When Robert McWilliams' enthusiasm for traversing rows of chard, kale, leeks and beets near his Ross Lane home is as low as early spring temperatures, he "picks" his vegetables at the Rogue Valley Growers and Crafters Market.
"You're getting it fresher; you're supporting the local economy," McWilliams says. "In an ideal world, one would eat what their environment could supply."
McWilliams, 60, gave up organic agriculture as an avocation because farming 45 acres of herbs, vegetables and nursery plants was simply too much work after 15 years. Instead of selling out, however, he leases the Medford property to Steve and Suzy Fry of Talent, who permit McWilliams to pick all he wants from the fields — or their market stall.
"If you can't do your own gardens, the next best thing is the local markets," says Suzy Fry.
And if you can’t bake your own bread, age your own cheese or tend your own flock of chickens, weekly growers markets in Ashland, Medford and Grants Pass fill the bill for foodstuffs beyond seasonal produce.
“The beginning of the markets, there’s eggs, eggs, eggs ... because the chickens have woken up, and they’re laying,” says Mary Ellen DeLuca, manager of the Rogue Valley Growers and Crafters Market.
Featuring only the hardiest overwintered vegetables and pluckiest spring greens, the markets’ opening weeks in March challenge most shoppers, DeLuca admits. Former California residents are particularly befuddled by the sparse selection, says Wendy Siporen, executive director of THRIVE, a nonprofit group that promotes local food.
“We do have seasons here,” Siporen says.
In the absence of bountiful produce, March is the time to plan ahead, DeLuca says. That means stocking up on staples like eggs, bread, cheese, meat and root vegetables that farmers stored throughout the winter. Many market shoppers also purchase seedling plants to start their own garden for the year.
“Home gardens are big,” McWilliams says. “I think people are realizing it’s better for ‘em.”
Nutrition has always been Cathy Jones’ main reason for patronizing the growers market.
"I shop here because the produce here is really fresh," says the 45-year-old Medford resident.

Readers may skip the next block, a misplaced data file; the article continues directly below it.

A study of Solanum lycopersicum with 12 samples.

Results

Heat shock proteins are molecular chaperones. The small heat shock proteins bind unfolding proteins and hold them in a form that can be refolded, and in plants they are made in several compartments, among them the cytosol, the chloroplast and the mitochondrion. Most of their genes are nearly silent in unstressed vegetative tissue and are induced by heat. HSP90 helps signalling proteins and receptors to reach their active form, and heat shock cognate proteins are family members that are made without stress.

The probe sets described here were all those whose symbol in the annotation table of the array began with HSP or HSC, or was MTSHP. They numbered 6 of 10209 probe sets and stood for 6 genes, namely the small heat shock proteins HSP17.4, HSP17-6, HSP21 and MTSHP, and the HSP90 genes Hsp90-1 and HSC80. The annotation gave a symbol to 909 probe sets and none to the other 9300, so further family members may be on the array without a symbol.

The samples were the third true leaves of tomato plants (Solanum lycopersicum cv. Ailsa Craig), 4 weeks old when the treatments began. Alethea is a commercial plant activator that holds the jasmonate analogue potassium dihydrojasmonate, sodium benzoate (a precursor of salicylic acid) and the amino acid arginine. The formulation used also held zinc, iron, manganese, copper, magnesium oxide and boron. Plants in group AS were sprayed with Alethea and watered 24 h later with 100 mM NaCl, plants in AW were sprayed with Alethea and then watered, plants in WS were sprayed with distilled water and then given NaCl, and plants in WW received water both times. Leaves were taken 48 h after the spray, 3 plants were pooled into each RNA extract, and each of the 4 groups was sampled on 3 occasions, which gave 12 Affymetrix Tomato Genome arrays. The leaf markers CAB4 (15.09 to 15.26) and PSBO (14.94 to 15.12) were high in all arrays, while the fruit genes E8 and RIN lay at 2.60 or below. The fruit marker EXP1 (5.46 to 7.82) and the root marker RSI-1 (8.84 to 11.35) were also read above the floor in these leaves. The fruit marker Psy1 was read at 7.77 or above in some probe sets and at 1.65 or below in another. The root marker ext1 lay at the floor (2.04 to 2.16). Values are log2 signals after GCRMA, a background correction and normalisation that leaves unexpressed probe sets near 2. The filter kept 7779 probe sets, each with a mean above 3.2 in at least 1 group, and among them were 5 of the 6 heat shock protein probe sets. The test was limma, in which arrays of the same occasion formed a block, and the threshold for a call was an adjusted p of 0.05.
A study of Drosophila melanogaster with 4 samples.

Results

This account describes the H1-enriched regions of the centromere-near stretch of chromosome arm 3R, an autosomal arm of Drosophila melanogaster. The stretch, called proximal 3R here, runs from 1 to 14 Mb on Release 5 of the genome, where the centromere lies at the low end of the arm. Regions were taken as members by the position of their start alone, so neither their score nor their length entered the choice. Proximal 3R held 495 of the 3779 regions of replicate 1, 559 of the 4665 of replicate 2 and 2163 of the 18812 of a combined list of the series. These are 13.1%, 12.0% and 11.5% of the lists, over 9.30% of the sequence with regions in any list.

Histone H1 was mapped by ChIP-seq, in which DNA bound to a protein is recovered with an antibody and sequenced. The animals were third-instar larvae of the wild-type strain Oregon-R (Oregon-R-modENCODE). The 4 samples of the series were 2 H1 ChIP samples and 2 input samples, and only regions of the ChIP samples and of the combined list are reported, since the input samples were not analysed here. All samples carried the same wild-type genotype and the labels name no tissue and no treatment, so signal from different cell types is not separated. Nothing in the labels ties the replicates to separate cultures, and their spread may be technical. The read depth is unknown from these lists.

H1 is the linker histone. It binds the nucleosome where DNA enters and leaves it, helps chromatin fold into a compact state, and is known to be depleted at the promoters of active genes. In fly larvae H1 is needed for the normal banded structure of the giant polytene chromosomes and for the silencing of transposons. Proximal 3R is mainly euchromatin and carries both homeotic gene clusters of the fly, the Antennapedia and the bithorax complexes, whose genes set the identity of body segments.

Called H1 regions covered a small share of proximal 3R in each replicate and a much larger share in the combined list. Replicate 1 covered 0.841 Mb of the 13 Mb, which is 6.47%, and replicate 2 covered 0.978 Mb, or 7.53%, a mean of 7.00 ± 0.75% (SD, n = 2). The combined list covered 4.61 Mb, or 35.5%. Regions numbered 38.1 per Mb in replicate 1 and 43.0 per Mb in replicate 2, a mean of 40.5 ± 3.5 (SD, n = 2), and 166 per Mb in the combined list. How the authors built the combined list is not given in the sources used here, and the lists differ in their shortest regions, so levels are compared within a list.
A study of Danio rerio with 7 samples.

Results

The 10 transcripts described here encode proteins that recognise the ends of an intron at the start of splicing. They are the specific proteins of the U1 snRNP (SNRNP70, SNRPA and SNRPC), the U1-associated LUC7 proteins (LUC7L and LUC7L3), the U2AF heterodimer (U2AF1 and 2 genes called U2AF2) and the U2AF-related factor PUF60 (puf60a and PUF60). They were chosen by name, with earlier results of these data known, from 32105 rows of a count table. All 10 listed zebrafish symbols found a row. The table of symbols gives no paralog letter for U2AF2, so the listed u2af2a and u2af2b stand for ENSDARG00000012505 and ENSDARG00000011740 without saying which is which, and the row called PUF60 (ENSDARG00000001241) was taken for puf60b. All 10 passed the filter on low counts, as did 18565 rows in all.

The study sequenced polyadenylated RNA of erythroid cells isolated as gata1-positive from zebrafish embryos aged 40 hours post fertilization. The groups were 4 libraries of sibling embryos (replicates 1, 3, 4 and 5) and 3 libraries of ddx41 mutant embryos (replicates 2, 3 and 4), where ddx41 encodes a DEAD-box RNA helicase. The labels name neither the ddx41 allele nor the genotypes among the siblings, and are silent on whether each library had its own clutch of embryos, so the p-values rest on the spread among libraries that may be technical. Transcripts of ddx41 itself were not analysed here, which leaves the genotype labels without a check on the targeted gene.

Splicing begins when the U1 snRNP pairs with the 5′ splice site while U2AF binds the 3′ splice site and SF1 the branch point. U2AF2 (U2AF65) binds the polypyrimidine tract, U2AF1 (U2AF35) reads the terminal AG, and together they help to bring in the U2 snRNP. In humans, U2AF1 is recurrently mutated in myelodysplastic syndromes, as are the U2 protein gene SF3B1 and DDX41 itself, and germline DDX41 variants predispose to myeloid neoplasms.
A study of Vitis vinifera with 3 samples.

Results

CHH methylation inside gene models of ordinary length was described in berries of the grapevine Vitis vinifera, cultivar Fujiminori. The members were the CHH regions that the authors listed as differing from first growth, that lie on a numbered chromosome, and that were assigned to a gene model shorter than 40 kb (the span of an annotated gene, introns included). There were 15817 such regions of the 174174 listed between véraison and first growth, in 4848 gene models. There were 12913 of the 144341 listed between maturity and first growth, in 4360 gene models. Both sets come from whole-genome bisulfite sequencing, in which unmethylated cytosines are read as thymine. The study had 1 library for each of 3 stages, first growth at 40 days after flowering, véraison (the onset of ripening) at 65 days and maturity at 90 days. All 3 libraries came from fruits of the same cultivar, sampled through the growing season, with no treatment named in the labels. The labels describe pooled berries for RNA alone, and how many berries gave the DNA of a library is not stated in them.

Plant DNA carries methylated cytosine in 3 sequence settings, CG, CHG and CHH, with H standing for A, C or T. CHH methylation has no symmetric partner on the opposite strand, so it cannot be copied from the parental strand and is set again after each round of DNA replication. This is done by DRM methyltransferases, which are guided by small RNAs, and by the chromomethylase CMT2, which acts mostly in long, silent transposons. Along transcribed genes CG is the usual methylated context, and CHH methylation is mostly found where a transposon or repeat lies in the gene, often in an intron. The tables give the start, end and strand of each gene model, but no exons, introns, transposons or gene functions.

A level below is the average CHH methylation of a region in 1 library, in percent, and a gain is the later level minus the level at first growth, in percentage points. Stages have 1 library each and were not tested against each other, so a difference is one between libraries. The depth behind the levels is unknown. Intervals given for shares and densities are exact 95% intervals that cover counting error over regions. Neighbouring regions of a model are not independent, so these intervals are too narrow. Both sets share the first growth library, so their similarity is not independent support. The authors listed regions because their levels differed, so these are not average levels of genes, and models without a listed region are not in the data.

Since Jones started attending weekly markets 15 years ago, eating locally produced food has become the largest industry trend since organic. On average, market vendors — including crafters — number about 60 in Ashland and 50 in Medford, DeLuca says, adding that she expects both markets to expand by at least 10 percent this year.
As farmers markets across the country have grown, so have environmental concerns over the fossil fuels used to process, package, transport and store the U.S. commercial food supply. Eating out-of-season produce shipped or flown in from the Southern Hemisphere is arguably the industry's most inefficient use of fuel, Siporen says.
"You can think about seasonality as really a benefit," Siporen says. "You're forced to try new things."
"I am a seasonal eater."
Peak flavors, Jones says, are the main reward of seasonal eating. But the woman who is just one of numerous customers toting sturdy, reusable grocery bags to the market says she thinks her shopping preference is better for the environment.
While the environment is on many shoppers' minds, DeLuca, Siporen and others say there are greater forces at work, namely supporting local businesses and strengthening community ties. When a local restaurant purchases vegetables and fruits from nearby farmers, the money changing hands often is passed along to other local merchants.
"I see that exchange of the dollar really frequently," says Kristen Lyon, sous chef at Jacksonville's The Garden Bistro at McCully House.
"I really believe in promoting the local economy."
To that end, the Garden Bistro showcases local farms, ranches and artisan food companies on a menu that changes with the seasons. The restaurant deals directly with farmers, but Lyon also makes full use of the market's March-through-November run.
"I kind of let the food choose the menu," she says.
Cooking with seasonal ingredients has become easier in recent years as more cookbooks and Web sites organized recipes around that theme, Lyon says. Cooks short on inspiration can always ask the farmers, themselves, for advice, she adds.
"Usually they know exactly what to do with the stuff because they have so much of it," she says.
Flexibility is another key to cooking what's immediately available at the growers market, Lyon says, adding that she views ingredients as genres rather than absolutes. Any leafy herb can stand in for basil or any root vegetable for carrots, she says.
"You can replace similar items if you don't find the exact thing in a recipe."
Summer may be months away, but The Garden Bistro has tomatoes and blueberries on its menu because Lyon roasted and froze tomatoes for pastas and flatbreads, and she oven-dried blueberries to serve with ice cream. Cooks who plan ahead can relax all winter because the year's harvest is already preserved, Lyon says, adding that canning, freezing and drying may be new to many home cooks but are necessary if one is to eat local all year.
"It's not a foreign concept; it's something we've forgotten."